The wave of protest across the Arab world has targeted everything from poverty and inequality to corruption and dictatorship. But a common refrain, as an activist told me in Tunis recently, is popular demand for “the rule of law: impartial justice and an end to arbitrary government.”
In the past decade the rule of law has achieved talismanic status as the answer to many of the international community’s toughest problems. It’s the foundation for economic development, the antidote to terrorism, the linchpin of democratic legitimacy. If Barack Obama and Iranian President Ahmadinejad can agree on nothing else, they both praise the rule of law. Even President Yahya Jammeh of Gambia, who infamously threatened in September 2009 to “kill” human rights workers who criticized his government, nonetheless saw fit in a speech weeks later to hail “the rule of law” as a means of addressing “the complexities of today’s world.”
But while it has come to occupy central stage in political debates, there is little consensus on what the rule of law means in practice, or how to realize it on the ground.
All of which makes it timely that, when heads of state gather in New York at this September’s UN General Assembly, the “rule of law at the national and international levels” will be the topic of discussion.
The benign title masks a simmering conflict. Many developing countries want more “international” law to restrain the U.S.and other veto-wielding Permanent-5 powers on the UN Security Council, a body sorely in need of reform. By contrast, western donor governments are keen to focus on “national” rule of law needs in conflict regions of Africa and the Middle East.
Given universal enthusiasm for a concept whose meaning is so contested, is there any way to bridge the gap?
Rather than simply repeat the empty platitudes of the past, leaders must now offer concrete commitments.
Secretary General Ban Ki Moon has this month called on states to set clear goals promoting rule of law with indicators to measure progress over time, establish a regular forum for consultation among states and civil society to ensure that September’s discussion is not a one-off event, and make specific pledges to improve the rule of law in ways relevant to national context.
Useful steps forward are politically possible. And the need for more rule of law is so vast and varied that no state should be shy about acknowledging it can do better. To the contrary, pledging to take action in even one sector of an admittedly broad field would affirm the seriousness with which states take their responsibilities to the rule of law overall.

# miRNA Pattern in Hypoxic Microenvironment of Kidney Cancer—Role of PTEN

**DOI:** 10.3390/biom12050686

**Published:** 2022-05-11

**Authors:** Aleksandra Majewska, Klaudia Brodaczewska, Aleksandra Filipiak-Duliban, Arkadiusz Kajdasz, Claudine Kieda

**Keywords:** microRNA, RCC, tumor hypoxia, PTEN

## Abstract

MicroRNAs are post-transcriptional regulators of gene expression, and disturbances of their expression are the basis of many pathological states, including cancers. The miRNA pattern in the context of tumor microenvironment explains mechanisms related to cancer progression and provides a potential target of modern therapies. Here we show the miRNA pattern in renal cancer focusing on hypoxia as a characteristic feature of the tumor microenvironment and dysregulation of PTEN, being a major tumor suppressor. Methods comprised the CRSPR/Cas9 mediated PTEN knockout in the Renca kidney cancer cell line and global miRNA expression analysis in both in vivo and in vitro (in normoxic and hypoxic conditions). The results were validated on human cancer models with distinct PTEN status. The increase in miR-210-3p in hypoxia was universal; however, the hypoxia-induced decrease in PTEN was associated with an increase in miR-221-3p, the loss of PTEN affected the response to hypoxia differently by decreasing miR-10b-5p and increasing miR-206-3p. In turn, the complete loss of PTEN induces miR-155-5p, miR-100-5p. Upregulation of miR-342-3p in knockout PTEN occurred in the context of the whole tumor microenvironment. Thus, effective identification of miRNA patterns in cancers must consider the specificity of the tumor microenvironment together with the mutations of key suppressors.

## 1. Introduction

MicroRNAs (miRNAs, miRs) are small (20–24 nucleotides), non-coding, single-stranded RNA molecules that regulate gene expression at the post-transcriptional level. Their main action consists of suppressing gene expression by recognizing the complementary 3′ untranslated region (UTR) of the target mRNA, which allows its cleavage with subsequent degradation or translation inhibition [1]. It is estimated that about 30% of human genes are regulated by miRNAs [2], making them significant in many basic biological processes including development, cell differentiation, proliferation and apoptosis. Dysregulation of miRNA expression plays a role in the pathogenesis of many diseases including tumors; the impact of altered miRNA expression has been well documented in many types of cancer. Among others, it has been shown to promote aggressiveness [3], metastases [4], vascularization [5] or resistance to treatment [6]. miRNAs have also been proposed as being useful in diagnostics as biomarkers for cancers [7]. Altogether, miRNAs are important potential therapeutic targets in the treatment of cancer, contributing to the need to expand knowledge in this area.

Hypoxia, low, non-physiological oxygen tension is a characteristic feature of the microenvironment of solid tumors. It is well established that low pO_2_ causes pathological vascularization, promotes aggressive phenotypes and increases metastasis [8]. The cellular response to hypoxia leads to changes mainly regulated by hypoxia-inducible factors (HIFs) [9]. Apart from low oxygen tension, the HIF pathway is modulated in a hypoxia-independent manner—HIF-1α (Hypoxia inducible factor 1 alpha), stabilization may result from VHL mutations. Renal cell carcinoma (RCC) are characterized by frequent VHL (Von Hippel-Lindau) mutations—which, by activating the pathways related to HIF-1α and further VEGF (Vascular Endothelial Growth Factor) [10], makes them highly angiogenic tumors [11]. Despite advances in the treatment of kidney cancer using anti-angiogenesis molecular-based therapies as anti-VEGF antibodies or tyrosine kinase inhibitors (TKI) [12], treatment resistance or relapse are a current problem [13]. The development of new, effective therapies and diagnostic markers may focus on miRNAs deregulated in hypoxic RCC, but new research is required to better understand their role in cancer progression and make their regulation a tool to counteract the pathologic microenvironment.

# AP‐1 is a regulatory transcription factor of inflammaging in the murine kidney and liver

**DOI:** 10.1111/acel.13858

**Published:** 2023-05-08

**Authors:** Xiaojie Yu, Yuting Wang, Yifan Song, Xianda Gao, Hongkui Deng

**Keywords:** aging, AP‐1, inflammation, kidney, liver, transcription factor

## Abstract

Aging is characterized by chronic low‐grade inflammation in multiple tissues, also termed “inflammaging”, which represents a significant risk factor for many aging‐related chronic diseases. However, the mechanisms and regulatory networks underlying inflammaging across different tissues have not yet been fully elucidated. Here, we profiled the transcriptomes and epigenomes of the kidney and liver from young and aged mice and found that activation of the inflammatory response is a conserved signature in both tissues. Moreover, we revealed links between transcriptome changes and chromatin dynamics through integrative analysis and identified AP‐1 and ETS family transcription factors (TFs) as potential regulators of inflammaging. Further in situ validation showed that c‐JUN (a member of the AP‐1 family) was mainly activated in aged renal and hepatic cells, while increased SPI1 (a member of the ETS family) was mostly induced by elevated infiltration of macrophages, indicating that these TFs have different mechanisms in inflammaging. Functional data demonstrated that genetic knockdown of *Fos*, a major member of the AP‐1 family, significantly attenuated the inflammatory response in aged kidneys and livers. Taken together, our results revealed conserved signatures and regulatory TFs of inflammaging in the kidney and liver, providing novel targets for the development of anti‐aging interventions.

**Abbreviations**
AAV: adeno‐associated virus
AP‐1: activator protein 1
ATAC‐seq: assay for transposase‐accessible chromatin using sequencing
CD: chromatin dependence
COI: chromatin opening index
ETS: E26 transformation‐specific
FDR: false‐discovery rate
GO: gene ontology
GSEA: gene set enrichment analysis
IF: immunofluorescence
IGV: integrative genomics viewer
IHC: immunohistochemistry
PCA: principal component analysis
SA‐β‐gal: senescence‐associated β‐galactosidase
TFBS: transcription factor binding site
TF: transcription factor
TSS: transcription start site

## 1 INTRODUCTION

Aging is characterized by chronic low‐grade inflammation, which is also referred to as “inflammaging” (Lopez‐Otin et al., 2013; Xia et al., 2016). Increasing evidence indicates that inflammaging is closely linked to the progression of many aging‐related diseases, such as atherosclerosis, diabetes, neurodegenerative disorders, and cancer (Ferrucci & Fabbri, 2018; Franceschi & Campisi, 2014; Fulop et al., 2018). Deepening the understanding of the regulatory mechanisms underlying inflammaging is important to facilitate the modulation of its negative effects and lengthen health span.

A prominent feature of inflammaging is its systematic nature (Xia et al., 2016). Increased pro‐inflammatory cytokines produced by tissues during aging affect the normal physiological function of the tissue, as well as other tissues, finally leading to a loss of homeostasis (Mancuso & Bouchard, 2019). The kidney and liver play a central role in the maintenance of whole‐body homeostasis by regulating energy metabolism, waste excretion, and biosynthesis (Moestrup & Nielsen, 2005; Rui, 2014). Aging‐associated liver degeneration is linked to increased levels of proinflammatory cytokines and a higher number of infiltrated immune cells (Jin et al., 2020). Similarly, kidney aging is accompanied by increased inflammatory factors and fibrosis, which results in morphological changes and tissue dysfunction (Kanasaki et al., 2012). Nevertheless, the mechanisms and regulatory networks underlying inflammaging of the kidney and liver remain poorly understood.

On the international level, states could commit to ratify certain treaties (the U.S. has yet to join the Convention on Discrimination against Women), respect the decisions of international tribunals (Brazil could halt its campaign of protest against the Inter-American Commission on Human Rights), or recognize as compulsory the jurisdiction of the International Court of Justice to resolve inter-state spats (Russia has yet to do so).
Domestically, states might pledge to permit anyone under police questioning access to a lawyer (as the European Court of Human Rights has urged Turkey to do), limit pre-trial detention to the maximum period of imprisonment in the event of conviction (some detainees in India reportedly languish for far longer), or develop an independent mechanism to investigate allegations of custodial torture (in countries like Kazakhstan, Kyrgyzstan and Uzbekistan).
Donor states in particular could use the occasion to establish a global fund for justice. By pooling resources from both private and governmental donors, and developing a financial reservoir to be tapped over time, the fund would curb the inefficiency and politicization of the current aid system.
Prudent investments in justice don’t have to be expensive. In the Democratic Republic of the Congo, mobile courts have fairly tried and convicted army soldiers for mass rape in far less time and at a fraction of the cost of international tribunals. In Nigeria, recent law graduates placed in police stations at modest expense have freed hundreds of persons who faced unnecessary months, if not years, in jail. In Sierra Leone, members of rural communities trained as paralegals for far less than the price of a lawyer have resolved land disputes and won community access to roads, electricity and environmental clean-up. In short, while more funding for justice is required over time, more intelligent donor assistance would help in the present climate of budgetary restraint.
Rule of law’s dualism—rooted in both law and politics, grand vision and everyday reality—is its attraction and its challenge. Its broken promise is visible everywhere—from the Dominican-born stateless child denied an education, to the Chinese blogger whose website is silenced, to the victim of racial profiling on the streets of New York. But its aspiration—that the law should apply equally to all—is what lends an overused phrase its compelling force. From now to September, diplomats must give it substance.